The Bill enhances the accountability for those incorporating a company, and directors on the board, by framing additional disclosure norms
The Companies Bill, 2011, that seeks to make companies more accountable was introduced in the Lok Sabha on Wednesday by the minister for corporate affairs Veerappa Moily. If approved by Parliament, it would replace a 55- year-old legislation—the Companies Act, 1956.
The Bill enhances the accountability for those incorporating a company, and directors on the board, by framing additional disclosure norms.
“At the time of incorporation, it is now mandatory to file the consent of directors associating with the company. The director will also have to give particulars of other firms which they are associated with,” said Pavan Kumar Vijay, managing director, Corporate Professionals Group, which advises professionals and companies on corporate governance issues.
These details are not required under the Companies Act, 1956, and will make promoters and directors more accountable, said Vijay. It will also address the problem of bogus directors on company boards, he said.
The proposed Bill has provisions to take stringent action against corporate frauds. “In case of fraud, the defaulter can get an imprisonment of anywhere between six months to 10 years along with a fine,” said Vijay. Currently, these matters are decided by the courts.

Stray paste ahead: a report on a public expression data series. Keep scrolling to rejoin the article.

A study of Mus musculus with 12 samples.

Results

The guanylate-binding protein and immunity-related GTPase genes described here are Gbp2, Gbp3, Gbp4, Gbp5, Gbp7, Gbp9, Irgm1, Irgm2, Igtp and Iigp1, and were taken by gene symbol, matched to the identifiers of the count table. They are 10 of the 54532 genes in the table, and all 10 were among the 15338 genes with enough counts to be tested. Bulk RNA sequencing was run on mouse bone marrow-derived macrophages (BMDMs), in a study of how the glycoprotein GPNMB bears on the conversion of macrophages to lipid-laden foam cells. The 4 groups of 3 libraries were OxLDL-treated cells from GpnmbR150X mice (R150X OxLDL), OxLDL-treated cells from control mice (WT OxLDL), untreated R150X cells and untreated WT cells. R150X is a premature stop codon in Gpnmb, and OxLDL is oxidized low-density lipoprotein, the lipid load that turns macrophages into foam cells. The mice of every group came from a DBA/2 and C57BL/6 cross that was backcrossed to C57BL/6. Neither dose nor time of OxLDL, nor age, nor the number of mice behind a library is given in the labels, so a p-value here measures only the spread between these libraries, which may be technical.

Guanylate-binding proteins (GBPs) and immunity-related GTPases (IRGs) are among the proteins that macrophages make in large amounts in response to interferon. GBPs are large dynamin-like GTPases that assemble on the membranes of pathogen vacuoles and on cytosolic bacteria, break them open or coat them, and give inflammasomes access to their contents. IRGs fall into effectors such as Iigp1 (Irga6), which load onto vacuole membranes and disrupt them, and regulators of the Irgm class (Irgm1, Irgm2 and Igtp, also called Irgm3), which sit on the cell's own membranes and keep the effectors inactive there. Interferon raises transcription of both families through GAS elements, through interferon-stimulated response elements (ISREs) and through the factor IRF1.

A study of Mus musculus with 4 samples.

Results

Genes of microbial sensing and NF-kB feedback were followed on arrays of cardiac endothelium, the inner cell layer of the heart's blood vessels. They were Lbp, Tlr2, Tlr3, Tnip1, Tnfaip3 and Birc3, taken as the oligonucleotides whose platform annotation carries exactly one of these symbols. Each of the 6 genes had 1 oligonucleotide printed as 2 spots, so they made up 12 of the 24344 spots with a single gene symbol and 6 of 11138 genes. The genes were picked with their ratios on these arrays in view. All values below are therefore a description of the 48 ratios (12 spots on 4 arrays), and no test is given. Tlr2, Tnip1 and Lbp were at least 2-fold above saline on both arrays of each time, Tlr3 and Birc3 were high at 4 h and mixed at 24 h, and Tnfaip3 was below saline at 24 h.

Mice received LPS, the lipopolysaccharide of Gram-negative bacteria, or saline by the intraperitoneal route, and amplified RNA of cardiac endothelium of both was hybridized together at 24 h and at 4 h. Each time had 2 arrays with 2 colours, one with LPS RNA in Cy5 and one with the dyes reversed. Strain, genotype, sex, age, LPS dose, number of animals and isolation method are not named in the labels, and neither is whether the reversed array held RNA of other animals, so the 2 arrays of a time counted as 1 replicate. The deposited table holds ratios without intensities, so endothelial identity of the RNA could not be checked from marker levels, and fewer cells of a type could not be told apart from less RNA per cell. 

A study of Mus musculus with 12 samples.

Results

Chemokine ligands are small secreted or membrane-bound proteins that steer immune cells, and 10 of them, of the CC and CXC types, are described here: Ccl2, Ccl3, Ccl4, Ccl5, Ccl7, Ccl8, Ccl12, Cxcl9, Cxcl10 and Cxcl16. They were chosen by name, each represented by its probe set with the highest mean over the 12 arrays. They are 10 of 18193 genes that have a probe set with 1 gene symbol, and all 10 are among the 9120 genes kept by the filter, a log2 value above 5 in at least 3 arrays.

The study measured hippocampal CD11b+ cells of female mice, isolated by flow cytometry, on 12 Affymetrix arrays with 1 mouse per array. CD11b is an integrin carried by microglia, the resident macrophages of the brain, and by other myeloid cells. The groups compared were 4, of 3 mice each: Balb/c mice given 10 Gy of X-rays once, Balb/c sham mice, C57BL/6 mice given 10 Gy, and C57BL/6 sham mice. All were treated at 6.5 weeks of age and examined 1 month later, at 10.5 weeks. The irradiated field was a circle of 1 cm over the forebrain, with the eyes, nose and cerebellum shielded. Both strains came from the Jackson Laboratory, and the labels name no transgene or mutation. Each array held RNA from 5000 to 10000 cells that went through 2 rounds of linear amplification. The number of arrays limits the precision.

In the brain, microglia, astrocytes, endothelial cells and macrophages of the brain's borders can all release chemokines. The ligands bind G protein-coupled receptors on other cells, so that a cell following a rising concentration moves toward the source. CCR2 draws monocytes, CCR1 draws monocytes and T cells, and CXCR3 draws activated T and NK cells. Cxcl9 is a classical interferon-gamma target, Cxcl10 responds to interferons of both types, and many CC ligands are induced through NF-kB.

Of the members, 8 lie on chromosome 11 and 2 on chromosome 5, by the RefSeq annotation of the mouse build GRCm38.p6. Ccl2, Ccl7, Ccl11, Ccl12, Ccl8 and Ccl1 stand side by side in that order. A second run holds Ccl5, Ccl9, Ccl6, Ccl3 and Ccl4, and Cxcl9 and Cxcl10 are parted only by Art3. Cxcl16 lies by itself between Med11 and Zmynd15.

The new Bill also proposes that persons signing the memorandum of association—document that regulates a company’s activities—will have to state upfront that they have not been associated with any fraud or mismanagement or breach of duty under the companies law.
“With scams such as companies vanishing after raising public monies as also opting for liquidation, the new Bill was designed with the aim of sensing frauds early and, therefore, these provisions have been incorporated. These will ensure that maximum responsibility is put on the companies when they register,” said a senior official at the ministry of corporate affairs on condition of anonymity.
The Bill also proposes to strengthen the Serious Fraud Investigation Office, a multi disciplinary body constituted by chartered accountants, company secretaries, revenue and corporate law officials.
It will also introduce concepts that are new to India, including the one-person company and class-action suits. The proposed regulation will also make it easier to start and shut companies.
The new regulations, if cleared by both houses of parliament, will apply to more than 800,000 companies registered in India.
Industry lobby, Federation of Indian Chambers of Commerce and Industry (Ficci) said the Bill is a step in the right direction. “The structure of the Bill is contemporary, sound and visionary rather than just an attempt to address shortcomings,” said Sidharth Birla, chairman, Ficci Corporate Law Committee.
The Bill was first introduced in the Lok Sabha in 2008 but lapsed after the House was dissolved on account of the general election.